Lately, yogurt has enjoyed a super-swift lift to the top of “health food” lists everywhere. We can credit some of that enthusiasm to the very smart marketing of top yogurt brands looking to reignite consumer interest in an age-old product. But there is truth behind the buzz and scientific research that does in fact prove that yogurt deserves its time in the lime light.
Here are five things you may not know about yogurt and your health:
Probiotics or “good bacteria” found in yogurt and other dairy products like cheese, may help to reduce blood pressure when consumed regularly over two months. The research is published in the American Heart Association journal, Hypertension. Scientists advise looking for yogurts containing probiotics, or seeking out other products with probiotics such as kefir, buttermilk, and Korean kimchi.
Yogurt has a higher concentration of calcium, protein and other vitamins and minerals than milk – as much as 20 to 100 percent more – making it a powerhouse of nutrients to start. As an added bonus, the acidic pH of yogurt makes it easier for the body to absorb calcium, magnesium and zinc.
Researchers at Tufts University note that if Americans would eat more yogurt, it would go a long way towards filling nutrient gaps in our diets. Case in point, the U.S. Dietary Guidelines Advisory Committee, who will be announcing the latest Nutrition Guidelines for Americans later this year, pull out calcium, vitamin D and potassium as nutrients of concern for the general population. Assuming the yogurt is made with vitamin D-fortified milk, these nutrients of concern are all plentiful in yogurt.
Preliminary research shows that yogurt consumption may also help your heart by lowering levels of circulating triglycerides. A recent Australian study found that eating full-fat cultured yogurt and cheese for three weeks can lower inflammatory markers linked to heart disease, compared with eating low-fat, non-cultured dairy. Another report in the American Journal of Clinical Nutrition shows that calcium and other bioactive components may modify the effects on LDL (low-density lipoprotein or “bad”) cholesterol and triglycerides which in turn may reduce the risk of cardiovascular disease.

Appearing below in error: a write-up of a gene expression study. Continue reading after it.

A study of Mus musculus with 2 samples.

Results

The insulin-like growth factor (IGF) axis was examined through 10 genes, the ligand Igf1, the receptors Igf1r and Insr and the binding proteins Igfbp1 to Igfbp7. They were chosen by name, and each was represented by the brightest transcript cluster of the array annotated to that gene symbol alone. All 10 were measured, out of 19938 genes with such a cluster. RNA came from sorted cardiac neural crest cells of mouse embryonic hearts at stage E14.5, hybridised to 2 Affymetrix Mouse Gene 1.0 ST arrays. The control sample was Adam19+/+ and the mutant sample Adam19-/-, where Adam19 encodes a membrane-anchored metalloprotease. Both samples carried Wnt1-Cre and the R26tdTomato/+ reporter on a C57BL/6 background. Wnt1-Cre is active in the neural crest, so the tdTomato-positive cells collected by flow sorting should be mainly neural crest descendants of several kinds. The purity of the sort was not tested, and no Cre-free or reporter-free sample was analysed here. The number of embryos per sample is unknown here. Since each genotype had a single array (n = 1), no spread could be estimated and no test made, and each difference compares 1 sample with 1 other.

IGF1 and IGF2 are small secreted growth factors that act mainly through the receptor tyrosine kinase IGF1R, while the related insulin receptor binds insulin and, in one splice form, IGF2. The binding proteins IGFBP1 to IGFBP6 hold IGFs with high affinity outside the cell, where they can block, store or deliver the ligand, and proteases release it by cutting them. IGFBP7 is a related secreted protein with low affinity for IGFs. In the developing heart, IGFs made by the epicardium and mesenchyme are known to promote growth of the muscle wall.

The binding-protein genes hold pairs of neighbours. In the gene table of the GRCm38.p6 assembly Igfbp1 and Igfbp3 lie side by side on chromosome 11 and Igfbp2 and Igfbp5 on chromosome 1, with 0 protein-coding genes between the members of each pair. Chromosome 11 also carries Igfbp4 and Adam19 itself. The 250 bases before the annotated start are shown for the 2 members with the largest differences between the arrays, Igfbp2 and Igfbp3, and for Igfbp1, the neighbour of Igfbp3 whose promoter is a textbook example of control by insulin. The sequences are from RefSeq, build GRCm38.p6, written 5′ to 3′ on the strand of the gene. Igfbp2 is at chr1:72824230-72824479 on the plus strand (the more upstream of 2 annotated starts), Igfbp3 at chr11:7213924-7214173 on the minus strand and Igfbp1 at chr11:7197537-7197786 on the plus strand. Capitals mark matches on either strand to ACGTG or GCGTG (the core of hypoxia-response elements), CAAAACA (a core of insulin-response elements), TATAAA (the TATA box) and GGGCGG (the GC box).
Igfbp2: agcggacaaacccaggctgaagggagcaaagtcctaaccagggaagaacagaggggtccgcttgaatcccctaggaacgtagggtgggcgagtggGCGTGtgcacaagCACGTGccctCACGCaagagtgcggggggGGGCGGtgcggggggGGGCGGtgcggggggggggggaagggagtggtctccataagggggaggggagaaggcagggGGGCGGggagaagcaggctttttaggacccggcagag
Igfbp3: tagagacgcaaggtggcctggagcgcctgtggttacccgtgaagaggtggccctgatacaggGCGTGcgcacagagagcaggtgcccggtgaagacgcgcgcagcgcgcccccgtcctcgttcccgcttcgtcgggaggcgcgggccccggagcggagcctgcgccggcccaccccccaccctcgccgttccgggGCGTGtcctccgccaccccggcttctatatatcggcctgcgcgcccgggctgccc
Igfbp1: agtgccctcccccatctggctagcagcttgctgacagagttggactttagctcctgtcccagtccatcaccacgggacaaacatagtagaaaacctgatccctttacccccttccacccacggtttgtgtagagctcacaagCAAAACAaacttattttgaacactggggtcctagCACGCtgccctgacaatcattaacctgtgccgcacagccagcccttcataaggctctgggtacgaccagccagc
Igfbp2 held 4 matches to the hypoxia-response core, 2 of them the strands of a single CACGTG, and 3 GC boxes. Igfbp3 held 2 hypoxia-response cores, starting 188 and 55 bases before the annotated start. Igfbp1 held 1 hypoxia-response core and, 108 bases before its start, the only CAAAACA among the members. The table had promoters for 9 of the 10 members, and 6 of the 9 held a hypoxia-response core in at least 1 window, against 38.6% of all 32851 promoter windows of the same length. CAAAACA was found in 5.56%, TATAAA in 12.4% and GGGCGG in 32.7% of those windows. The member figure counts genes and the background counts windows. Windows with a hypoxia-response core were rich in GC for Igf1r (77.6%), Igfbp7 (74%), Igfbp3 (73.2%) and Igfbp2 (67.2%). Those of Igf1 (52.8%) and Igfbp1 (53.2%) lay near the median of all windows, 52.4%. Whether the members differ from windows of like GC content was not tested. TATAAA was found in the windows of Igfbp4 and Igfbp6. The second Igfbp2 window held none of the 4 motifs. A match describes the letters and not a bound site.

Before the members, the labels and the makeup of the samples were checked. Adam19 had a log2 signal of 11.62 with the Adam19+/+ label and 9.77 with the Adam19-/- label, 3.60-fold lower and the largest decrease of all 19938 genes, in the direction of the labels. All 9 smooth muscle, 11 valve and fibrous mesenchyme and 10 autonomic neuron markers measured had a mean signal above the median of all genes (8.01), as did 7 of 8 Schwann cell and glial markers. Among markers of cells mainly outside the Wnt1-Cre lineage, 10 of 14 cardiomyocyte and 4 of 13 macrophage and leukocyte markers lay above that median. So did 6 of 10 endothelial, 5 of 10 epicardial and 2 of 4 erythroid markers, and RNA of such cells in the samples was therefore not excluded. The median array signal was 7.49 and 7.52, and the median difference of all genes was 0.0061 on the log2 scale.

Researchers in the United Kingdom looked at the diets of 4,000 people and followed them for 11 years. They found that people with the highest yogurt consumption had a 24 percent lower risk of developing diabetes, compared with people who didn't eat yogurt.
Data published in the International Journal of Obesity (2014) showed that people who ate more than three servings of yogurt a week gained less weight over the course of a year than those who ate less than one serving. A meta-analysis (which combines the results from multiple studies to increase power) had similar findings – yogurt-rich diets were associated with less weight gain over time. What’s interesting is that this same association was not seen with milk, leading researchers to believe that the benefit does not come from calcium but, instead, from the fermentation, products of fermentation or from the live cultures themselves.
While there is a strong correlation between yogurt and a plethora of health benefits, nutritionists warn that you should be choosy when selecting your yogurt. This may be easier said than done – between 2010 and 2011 alone, more than 600 new yogurt products were introduced. Furthermore, this over 7 billion dollar industry is still growing.
According to the nutrition experts at sparkpeople.com, a 6-ounce serving of yogurt should contain:
So, next time you’re looking for a delicious, nutrient-rich snack, try this recipe from Prevention. It’s not only bursting with flavor, it won’t break the calorie bank, with just 110 calories per pop!
Author: Kristen Ciuba
Kristen is a Nutritionist at Diet-to-Go, based in Lorton, VA. She tries to “practice what she preaches” by fitting in healthy foods and cooking, challenging exercise, and quality time with family and friends every day!